Lavrov's stepdaughter Polina Kovaleva among new Russian sanctions

24 March 2022, 11:13 | Updated: 24 March 2022, 11:25

Foreign minister Sergei Lavrov's stepdaughter has been sanctioned
Foreign minister Sergei Lavrov's stepdaughter has been sanctioned. Picture: Alamy/Social media

By Will Taylor

New sanctions have been slapped on the Russian elite, including the step-daughter of Putin's foreign minister Sergei Lavrov.


She made headlines in the UK after the invasion of Russia, when it emerged her mother Svetlana Polyakova is considered an "unofficial wife" of Lavrov's.

He is one of the most prominent figures in Vladimir Putin's regime, parroting Kremlin propaganda about the war in Ukraine, falsely declaring it to be run by neo-Nazis.


"Today, I announce 65 more including the Wagner Group of mercenaries, Foreign Minister Lavrov's step-daughter and the CEO of Russia's largest bank."

It emerged Ms Kovaleva, a graduate of Loughborough University and Imperial, bought a luxury flat near Kensington High Street worth £4.4 million, when she was 21, without taking out a mortgage.

Activists at Mr Navalny's FBK organisation raised questions over how she managed that, saying her mother is unemployed and her biological father is not tremendously wealthy.


It is unclear if Ms Kovaleva is still in London.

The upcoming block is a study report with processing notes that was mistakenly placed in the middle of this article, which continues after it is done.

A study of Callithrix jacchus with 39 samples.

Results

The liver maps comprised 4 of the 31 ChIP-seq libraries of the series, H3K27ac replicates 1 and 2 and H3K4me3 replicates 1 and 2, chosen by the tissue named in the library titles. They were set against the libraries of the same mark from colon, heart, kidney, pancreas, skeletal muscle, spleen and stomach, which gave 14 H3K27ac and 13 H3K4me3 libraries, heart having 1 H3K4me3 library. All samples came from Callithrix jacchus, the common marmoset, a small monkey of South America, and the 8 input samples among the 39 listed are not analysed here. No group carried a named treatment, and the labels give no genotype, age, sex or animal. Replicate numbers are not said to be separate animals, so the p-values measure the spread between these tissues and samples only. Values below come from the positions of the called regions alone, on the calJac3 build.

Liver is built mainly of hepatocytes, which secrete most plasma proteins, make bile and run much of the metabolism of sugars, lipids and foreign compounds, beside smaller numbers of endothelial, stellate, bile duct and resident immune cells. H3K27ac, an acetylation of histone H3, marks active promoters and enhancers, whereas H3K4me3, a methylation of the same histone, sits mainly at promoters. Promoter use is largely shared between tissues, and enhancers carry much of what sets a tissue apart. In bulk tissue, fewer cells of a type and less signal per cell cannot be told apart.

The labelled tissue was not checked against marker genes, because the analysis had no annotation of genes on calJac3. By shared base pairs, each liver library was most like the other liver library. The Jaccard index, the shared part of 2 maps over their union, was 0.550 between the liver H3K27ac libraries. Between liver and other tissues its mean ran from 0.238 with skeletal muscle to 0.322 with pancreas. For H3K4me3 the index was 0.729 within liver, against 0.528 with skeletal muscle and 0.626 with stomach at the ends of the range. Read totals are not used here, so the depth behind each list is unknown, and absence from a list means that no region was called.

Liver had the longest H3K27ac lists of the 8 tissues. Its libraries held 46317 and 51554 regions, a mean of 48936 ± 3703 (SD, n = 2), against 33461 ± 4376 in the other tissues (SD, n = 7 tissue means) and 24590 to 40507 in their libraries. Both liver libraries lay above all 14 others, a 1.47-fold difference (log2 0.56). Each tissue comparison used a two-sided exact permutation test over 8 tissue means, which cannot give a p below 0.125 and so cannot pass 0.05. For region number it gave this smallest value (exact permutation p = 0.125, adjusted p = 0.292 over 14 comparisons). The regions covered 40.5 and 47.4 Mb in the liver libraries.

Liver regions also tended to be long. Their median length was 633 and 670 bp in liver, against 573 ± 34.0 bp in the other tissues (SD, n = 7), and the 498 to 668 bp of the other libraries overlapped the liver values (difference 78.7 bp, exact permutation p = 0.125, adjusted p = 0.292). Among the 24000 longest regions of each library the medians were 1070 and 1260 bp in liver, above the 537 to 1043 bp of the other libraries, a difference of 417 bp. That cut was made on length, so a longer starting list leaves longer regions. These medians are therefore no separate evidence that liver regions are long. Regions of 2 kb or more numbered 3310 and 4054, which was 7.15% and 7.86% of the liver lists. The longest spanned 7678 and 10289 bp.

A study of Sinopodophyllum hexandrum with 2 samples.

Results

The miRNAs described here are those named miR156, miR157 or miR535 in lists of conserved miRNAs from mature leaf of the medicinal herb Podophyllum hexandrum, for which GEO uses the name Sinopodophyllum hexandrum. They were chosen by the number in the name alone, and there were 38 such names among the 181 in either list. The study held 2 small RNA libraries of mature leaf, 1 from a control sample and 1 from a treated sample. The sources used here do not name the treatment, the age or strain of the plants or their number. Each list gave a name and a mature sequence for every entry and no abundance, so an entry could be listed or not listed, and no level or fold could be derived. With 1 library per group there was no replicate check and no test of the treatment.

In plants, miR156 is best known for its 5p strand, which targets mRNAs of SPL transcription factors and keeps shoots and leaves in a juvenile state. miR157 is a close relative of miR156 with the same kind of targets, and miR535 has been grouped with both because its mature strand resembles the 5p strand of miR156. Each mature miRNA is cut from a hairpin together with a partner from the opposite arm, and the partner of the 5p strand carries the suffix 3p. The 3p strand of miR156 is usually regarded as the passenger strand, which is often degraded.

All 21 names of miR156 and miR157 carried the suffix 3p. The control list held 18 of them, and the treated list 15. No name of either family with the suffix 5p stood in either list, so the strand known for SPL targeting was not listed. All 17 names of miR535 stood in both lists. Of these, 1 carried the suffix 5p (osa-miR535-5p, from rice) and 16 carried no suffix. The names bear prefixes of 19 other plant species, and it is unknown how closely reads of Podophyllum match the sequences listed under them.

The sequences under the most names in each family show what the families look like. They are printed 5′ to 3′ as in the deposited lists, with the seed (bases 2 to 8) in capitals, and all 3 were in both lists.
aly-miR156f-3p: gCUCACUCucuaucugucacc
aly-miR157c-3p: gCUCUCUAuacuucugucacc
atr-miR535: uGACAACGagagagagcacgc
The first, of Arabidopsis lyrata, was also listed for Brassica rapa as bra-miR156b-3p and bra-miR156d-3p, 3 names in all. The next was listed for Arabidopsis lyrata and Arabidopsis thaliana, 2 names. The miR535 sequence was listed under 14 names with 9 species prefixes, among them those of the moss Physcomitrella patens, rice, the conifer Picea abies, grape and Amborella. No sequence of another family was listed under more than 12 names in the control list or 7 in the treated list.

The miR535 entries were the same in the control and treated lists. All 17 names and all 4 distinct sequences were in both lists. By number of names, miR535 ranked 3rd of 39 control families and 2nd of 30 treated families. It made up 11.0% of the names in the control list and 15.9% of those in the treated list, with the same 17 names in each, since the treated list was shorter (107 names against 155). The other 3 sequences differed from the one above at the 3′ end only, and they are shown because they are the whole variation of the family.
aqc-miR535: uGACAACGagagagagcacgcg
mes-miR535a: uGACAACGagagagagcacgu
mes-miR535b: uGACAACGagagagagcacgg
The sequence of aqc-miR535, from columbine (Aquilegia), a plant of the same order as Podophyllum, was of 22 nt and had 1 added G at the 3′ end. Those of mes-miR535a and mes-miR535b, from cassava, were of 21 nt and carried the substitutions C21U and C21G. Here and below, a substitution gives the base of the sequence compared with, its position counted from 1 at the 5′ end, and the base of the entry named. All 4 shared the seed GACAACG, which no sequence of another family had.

Joining her on the sanctions list is Eugen Shvidler, the billionaire oil tycoon, Oleg Tinkov, who founded Tinkoff bank, and Herman Gref, the CEO of Sberbank, Russia's largest bank.

The Foreign Office announced on Thursday it was targeting industries that are helping the invasion of Ukraine, including Russian Railways and Kronshtadt, a defence firm which is the main supplier of drones.

Financial firms including Alfa Bank have been hit, as has Alrosa, the world's largest diamond producer.

Paramilitary company Wagner Group has also been hit. Mercenaries working for the firm have been active in Ukraine and countries in Africa and are seen as effectively forming Putin’s private army.

Galina Danilchenko, who Russia installed as mayor in Melitopol, a city it has occupied in the invasion, is also one of the targets.

In total, 59 people and groups have been struck.

Earlier on Thursday, Boris Johnson told LBC's Nick Ferrari at Breakfast that he was looking into whether the West can go after Russia’s gold reserves and wants to encourage more action as he meets with Nato leaders in Brussels.

"We need to do more. And so we need to do more economically, can we do more to stop him using his gold reserves for instance, in addition to his cash reserves?" he said.

"What can we do more to sanction SWIFT? And then we need to do more to give the Ukrainians military support."